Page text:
Thursday, 14 November 2013

Afternoon Tea – the Gentleman’s Affair

One of the most excruciating sensations in life is the feeling of being out of place. When we know that, however successful our façade, we just don’t fit in. A scenario that perfectly illustrates our point: the gentleman at afternoon tea.

Dragged along by a peer, we sit around a table in uncomfortable chairs, constantly peering at each other around overly ornate tiered stands. There is no mention of a builder’s brew, instead a carefully curated selection of fanciful leaves requiring multiple steps to serve. The food, too, violates every childhood lesson of eating one’s crusts.

It’s not the concept of afternoon tea that we object to at Gatsby; any excuse to add another meal to the day is a welcome change. We’re just looking for something that caters to a different audience. Less dainty, more daring.

Over the course of our search we did in fact find the solution. The Gentleman’s Afternoon Tea. Gone are the chintzy stands and those paper doilies – we challenge you to find a cupcake on the menu.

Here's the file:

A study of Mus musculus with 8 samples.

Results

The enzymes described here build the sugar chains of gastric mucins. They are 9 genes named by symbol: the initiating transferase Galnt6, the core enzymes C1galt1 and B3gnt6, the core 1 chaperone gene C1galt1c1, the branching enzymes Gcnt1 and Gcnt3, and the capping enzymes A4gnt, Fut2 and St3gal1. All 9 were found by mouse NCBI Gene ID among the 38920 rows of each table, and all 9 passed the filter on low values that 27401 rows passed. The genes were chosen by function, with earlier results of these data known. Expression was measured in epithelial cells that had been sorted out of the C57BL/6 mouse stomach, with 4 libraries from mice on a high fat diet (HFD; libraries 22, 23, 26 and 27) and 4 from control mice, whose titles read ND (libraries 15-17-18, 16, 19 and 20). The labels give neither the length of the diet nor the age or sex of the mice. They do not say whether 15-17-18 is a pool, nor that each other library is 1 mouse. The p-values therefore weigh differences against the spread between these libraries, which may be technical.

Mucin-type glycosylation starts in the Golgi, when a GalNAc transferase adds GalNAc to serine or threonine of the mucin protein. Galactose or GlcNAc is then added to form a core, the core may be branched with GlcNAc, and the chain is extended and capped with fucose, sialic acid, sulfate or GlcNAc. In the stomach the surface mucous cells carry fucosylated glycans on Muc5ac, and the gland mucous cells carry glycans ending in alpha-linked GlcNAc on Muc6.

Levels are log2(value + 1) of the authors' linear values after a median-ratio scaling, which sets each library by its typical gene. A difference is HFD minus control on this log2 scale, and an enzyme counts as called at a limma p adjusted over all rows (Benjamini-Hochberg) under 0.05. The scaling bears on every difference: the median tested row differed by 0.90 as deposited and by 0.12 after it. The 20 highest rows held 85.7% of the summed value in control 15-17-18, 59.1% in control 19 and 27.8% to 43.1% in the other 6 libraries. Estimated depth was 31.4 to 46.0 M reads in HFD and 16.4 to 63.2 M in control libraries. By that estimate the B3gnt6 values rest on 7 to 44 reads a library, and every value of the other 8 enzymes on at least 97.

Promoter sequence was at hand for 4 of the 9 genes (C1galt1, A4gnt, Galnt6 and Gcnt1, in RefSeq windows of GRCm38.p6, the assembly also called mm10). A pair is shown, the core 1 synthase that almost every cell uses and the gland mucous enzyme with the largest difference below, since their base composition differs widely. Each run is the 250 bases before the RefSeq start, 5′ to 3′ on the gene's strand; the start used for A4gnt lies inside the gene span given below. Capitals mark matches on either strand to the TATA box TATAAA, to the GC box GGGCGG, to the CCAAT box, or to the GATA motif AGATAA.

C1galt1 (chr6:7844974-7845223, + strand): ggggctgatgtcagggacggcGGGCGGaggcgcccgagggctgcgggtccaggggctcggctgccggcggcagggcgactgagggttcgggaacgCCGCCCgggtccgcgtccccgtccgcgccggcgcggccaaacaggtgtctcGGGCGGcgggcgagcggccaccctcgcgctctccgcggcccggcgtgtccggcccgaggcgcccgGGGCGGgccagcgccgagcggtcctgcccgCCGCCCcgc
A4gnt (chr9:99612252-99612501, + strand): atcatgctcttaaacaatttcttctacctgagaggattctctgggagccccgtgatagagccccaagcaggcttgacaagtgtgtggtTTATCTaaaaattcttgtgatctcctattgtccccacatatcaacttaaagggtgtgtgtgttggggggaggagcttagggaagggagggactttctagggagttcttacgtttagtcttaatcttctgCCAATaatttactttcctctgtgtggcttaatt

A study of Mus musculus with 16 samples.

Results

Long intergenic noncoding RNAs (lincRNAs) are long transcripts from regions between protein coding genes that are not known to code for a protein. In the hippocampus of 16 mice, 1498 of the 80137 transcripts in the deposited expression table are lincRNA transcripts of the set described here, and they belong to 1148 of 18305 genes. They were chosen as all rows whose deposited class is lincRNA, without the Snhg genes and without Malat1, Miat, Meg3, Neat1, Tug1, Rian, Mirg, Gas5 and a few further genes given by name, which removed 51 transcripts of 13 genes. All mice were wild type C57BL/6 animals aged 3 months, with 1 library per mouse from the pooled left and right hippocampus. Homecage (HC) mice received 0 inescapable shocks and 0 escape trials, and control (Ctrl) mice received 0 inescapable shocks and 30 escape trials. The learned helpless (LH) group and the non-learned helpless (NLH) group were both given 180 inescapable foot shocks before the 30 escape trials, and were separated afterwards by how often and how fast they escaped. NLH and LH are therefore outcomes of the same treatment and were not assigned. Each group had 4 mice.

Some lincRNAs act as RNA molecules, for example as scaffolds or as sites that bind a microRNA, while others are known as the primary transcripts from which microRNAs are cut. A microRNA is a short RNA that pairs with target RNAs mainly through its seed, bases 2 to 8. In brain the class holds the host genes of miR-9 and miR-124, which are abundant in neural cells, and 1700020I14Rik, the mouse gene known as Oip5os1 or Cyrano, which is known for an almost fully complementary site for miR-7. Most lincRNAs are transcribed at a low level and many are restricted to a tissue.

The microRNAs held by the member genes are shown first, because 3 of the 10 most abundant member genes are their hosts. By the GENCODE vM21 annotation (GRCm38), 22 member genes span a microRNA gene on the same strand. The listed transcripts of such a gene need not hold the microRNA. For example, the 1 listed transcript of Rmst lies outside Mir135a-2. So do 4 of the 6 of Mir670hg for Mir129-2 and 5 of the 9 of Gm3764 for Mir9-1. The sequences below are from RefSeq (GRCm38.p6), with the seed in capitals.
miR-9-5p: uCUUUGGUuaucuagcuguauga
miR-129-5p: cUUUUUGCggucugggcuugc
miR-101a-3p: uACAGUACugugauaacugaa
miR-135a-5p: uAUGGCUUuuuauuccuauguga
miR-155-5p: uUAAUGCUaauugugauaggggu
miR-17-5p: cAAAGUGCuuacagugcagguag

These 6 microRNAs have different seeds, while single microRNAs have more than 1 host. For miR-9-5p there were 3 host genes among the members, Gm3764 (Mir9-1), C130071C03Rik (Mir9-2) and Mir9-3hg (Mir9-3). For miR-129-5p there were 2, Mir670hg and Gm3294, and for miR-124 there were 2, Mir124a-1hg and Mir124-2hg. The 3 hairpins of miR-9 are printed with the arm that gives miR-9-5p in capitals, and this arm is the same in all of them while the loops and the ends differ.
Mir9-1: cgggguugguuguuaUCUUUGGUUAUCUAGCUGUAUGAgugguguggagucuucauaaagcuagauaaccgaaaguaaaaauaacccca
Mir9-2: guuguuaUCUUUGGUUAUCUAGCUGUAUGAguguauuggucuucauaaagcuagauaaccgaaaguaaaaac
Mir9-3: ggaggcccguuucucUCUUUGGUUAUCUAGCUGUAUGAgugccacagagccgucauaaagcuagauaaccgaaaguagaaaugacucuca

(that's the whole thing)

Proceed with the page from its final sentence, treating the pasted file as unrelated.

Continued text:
Amongst the venues and menus that we scouted, two sprang to our attention. Those offered by the Sanctum Soho Hotel and the Reform Social & Grill.

The Sanctum takes the vertical display of the traditional afternoon tea and completely removes it. Instead food is spread over a large slate plate. The feel is immediately more masculine. In terms of food, the kitchen has opted to miniaturise several British classics – dishes include a mini beef burger, mini pasty and roast beef inside a Yorkshire pudding.
To quench thirst they have Jack Daniels on tap and you may round the entire event off with a cigar.

The Reform Social & Grill opts for a slightly different take: the tiered serving dishes remain, although they are decidedly more functional. The burger is again on offer as well as another pastry favourite the sausage roll, whilst there are stranger alternatives like snail sandwiches.

Accompanying the meal are classic whisky cocktails and a selection of newspapers, poker and backgammon sets, should the mood take you. With chesterfield sofas to relax on, there’s no doubt as to the masculinity of the place.

Both venues offer a significantly different experience to what the Duchess of Bedford originally created and we’re willing to bet that as far as meeting friends for the afternoon goes, it’s better than being confined to a coffee chain.

This is not to disapprove of any man who does, in fact, enjoy their fondant fancies, clotted cream and pot of peppermint. But in the company of his friends, at a little bit further afield it certainly beats the pub garden. Oh, and you won’t find any crust-less sandwiches either.